By Theophanes Avery
When Thetis learns from the soothsayer that her newborn Achilles is doomed to die in battle, Thetis thinks she can outwit the Fates by dipping Achilles in the River Styx, which renders him invulnerable. But as he gets older, she begins to doubt her solution, and comes up with a backup plan. If Achilles were to dress up as a girl and hide out among princesses at a girls’ school, he would never go into battle and would thereby remain safe from harm. Now all she has to do is convince Achilles it’s a good idea.
From there, this imaginative retelling of the Achilles mythos takes one wild and wacky turn after another. With his best friends Patrocles and Deidamia, our hero explores teen angst and awkwardness, gender, sexuality, truth vs. lies, loyalty, and how to get by in a world that might not fit him or his friends well. Avery’s heavy use of satire makes light work of a tale whose young characters find themselves on their own and doing the best they can to learn Life’s big lessons.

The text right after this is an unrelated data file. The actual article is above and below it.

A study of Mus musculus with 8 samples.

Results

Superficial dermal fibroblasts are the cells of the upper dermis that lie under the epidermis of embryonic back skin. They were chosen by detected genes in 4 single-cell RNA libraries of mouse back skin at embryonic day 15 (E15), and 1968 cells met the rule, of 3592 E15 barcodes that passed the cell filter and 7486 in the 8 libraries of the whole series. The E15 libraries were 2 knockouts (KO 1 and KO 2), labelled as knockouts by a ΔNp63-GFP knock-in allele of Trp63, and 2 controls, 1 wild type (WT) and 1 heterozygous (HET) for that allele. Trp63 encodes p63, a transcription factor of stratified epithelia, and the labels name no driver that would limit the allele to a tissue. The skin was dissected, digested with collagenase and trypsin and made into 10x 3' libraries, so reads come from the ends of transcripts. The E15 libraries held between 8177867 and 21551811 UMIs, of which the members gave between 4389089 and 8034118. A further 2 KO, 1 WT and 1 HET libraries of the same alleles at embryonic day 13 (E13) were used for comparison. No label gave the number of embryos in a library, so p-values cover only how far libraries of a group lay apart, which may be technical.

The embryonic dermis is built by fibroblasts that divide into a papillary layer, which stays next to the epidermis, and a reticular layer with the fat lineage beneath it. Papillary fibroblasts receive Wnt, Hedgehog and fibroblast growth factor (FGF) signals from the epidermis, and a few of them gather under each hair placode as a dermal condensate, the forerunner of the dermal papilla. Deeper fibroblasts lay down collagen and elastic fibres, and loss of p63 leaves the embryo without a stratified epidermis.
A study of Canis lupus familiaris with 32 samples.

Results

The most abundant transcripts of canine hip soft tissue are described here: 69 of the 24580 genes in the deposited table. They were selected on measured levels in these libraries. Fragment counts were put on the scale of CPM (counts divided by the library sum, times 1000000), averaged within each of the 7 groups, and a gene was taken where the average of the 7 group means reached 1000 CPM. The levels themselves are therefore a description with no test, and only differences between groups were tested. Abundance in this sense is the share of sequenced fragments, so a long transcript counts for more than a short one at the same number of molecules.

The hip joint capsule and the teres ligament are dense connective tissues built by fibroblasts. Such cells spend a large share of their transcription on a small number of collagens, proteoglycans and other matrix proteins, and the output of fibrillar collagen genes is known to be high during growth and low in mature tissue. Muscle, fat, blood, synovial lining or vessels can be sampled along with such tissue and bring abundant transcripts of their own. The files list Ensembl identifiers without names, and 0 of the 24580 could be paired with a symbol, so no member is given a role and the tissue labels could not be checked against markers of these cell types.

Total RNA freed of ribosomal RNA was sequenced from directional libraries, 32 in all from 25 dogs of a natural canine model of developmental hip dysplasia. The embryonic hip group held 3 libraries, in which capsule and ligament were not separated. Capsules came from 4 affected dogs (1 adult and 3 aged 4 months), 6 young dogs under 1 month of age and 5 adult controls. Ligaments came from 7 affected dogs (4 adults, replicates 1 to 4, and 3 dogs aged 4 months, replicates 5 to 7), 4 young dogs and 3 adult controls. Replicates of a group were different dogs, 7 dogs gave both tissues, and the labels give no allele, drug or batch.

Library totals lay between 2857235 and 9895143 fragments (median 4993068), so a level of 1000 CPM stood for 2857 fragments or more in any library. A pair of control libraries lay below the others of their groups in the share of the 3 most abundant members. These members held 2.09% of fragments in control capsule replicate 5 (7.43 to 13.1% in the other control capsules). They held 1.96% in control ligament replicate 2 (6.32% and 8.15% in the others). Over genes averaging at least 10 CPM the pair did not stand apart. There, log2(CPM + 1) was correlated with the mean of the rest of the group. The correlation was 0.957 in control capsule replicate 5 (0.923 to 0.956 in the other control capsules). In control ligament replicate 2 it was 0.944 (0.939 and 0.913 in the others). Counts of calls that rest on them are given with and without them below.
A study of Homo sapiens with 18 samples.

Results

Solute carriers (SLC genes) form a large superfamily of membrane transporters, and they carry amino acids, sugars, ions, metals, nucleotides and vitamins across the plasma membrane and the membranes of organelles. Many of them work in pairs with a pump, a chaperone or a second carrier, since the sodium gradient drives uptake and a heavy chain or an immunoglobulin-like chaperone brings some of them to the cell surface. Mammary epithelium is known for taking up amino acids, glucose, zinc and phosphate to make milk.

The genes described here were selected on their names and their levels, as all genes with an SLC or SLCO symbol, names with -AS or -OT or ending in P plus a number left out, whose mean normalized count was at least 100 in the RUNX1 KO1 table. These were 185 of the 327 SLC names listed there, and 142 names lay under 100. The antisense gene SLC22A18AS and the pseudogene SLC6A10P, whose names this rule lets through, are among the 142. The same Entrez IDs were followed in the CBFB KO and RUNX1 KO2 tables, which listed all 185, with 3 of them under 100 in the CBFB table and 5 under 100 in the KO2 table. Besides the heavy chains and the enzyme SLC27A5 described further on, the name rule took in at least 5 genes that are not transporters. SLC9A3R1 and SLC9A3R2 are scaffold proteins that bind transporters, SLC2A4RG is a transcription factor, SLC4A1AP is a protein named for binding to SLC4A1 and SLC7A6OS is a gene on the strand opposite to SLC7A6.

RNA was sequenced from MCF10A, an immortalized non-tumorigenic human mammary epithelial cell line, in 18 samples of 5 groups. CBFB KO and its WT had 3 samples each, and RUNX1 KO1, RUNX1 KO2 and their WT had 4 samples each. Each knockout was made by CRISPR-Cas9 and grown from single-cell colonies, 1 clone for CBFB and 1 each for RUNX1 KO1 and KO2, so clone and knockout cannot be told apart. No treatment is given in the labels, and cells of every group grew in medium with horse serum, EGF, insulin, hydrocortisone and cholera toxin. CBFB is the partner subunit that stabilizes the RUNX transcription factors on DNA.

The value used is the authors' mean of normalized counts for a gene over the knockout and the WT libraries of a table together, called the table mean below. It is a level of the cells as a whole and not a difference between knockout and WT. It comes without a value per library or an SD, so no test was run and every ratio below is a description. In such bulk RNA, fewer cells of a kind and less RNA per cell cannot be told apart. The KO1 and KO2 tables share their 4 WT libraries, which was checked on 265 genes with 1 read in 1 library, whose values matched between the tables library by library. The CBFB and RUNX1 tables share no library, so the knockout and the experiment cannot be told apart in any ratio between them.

There is nothing serious about Achilles in Heels, and yet Avery manages to weave in undercurrents of heavy topical subjects in a humorous way, perhaps offering a new perspective to readers who might not have considered those points of view. I also loved that the whole thing takes place in an ancient Greek setting with references to Greek deities and rituals we’ve come to associate with the ancient world, yet a number of modern details show up. Seeing the characters use language that would be more at home in the 21st Century made for an interesting juxtaposition which added to the story’s whimsical flavor.
Achilles in Heels is the perfect book for readers who want a tale that doesn’t take itself too seriously. If you’re looking for light, amusing, yet relevant fare, this story is for you.